Just like dozens of her community members in Texas, Bianca Guerrero has recently attended an Islamic program at Al-Hidayah Mosque in North Philadelphia hosted by a Hispanic organization called ‘Islam in Spanish’, The Inquirer reported.
“My decision didn’t go over well. I got kicked out of the house. My situation isn’t unique,” said Guerrero while recalling her Christian family’s response after her conversion to Islam when she was 19 years old.
The family of immigrants from El Salvador traveled to South Florida. Guerrero is now 35 and lives in West Philadelphia. Fortunately, Guerrero’s family “eventually didn’t only come to accept her decision. In fact, both her mother and older sister converted to Islam too.”
The Muslim Latino woman receives Qur’an copies, pamphlets, and videos from ‘Islam in Spanish’ organization which formed in 2001. According to the group, there are 250,000 Latino Muslims in the USA.
‘Islam in Spanish’ helps people who want to learn about Islam in their native language. Since 2016, they helped as much as 160 Spanish-speakers converts to Islam in Houston.
Jaime Mujahid Fletcher, a Colombian-born convert is a founder of ‘Islam in Spanish and he “plans to open a new Centro Islámico mosque in Houston.”
The organization’s April program coincided with new statistics released from the Washington, DC-based Institute for Social Policy and Understanding that show Hispanics are the fastest-growing group in the USA to embrace Islam.
According to the institute’s annual report ‘American Muslim Poll: Predicting and Preventing Islamophobia’, only 1% of Muslims identified as Hispanic in 2009. By 2018, it expanded to 7%.
“That’s a 700% growth in less than 10 years, and no other group has grown at this rate,” said Dalia Mogahed, the institute’s director of research. Among other findings in the survey: Hispanics and Jews hold the most favorable views toward Muslims, while white evangelicals hold the least favorable.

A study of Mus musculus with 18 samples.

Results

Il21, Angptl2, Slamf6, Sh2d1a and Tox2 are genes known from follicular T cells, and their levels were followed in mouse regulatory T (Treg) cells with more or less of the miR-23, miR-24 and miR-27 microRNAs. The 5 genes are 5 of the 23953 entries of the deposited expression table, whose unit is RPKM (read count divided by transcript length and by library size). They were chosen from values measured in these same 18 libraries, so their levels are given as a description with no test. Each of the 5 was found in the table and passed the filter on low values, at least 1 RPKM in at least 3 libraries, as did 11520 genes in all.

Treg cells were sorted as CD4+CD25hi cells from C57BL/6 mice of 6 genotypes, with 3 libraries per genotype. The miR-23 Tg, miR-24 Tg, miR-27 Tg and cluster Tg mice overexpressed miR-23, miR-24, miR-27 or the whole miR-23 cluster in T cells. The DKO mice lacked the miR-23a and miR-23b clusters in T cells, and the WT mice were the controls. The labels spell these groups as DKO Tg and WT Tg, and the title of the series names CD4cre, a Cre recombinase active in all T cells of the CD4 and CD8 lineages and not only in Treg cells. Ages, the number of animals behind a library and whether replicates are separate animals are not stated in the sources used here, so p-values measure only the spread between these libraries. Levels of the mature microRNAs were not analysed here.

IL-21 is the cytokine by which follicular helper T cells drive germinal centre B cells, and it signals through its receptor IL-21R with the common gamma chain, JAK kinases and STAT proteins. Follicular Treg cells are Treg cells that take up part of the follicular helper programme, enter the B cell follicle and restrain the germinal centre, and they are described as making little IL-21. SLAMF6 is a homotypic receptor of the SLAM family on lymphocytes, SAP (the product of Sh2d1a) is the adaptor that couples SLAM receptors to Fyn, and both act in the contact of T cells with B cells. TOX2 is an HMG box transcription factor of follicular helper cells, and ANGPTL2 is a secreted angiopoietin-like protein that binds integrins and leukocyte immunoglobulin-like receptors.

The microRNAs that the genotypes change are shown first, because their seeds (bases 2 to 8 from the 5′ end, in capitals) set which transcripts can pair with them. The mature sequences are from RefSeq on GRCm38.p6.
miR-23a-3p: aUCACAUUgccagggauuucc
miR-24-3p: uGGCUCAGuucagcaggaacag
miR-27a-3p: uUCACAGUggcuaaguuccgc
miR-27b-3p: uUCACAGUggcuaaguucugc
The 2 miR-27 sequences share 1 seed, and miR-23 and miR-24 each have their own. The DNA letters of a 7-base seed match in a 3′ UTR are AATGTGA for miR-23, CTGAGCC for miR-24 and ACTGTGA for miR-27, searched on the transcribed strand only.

Reasons & Factors
Mogahed explained that “the reasons people who convert give as to why they are attracted to Islam are that Islam emphasizes a personal and direct connection with God without the interference of an institution or clergy.”
Other reasons that Latinos have converted to Islam are varied: from the “hip-hop culture of the 1990s when teenagers wore Malcolm X hats and read about the civil rights leader”, to spiritual searches for a religion that rings true to them, to a “resurgence in Latinos exploring their partial or full Andalusian roots, when Muslims governed Spain for 800 years until 1492.”
Imam Isa Parada, leader of a mosque in Houston where sermons are in Spanish says: “I tell people that Islam isn’t as foreign as you think.”
“In fact, there are some 4,000 words in Spanish that derive from Arabic, the liturgical language of Islam,” the sheikh added.
According to Pew Research Center, Philadelphia has 1% Muslims in its population, yet City Councilwoman Maria D. Quiñones-Sánchez, who attended the April program in her district, couldn’t cite data on the number of Latinos in her area who have converted to Islam.
According to a study of the Journal of Race, Ethnicity, and Religion on Muslim Latinos in the US, many American Latinos convert to Islam for a similar reason: the desire to have more direct and personal experience with God.
In fact, most American Latinos converted to Islam are women of Mexican or Puerto Rican origin who justify their conversion as a return to a pre-Hispanic and pre-Catholic Muslim identity.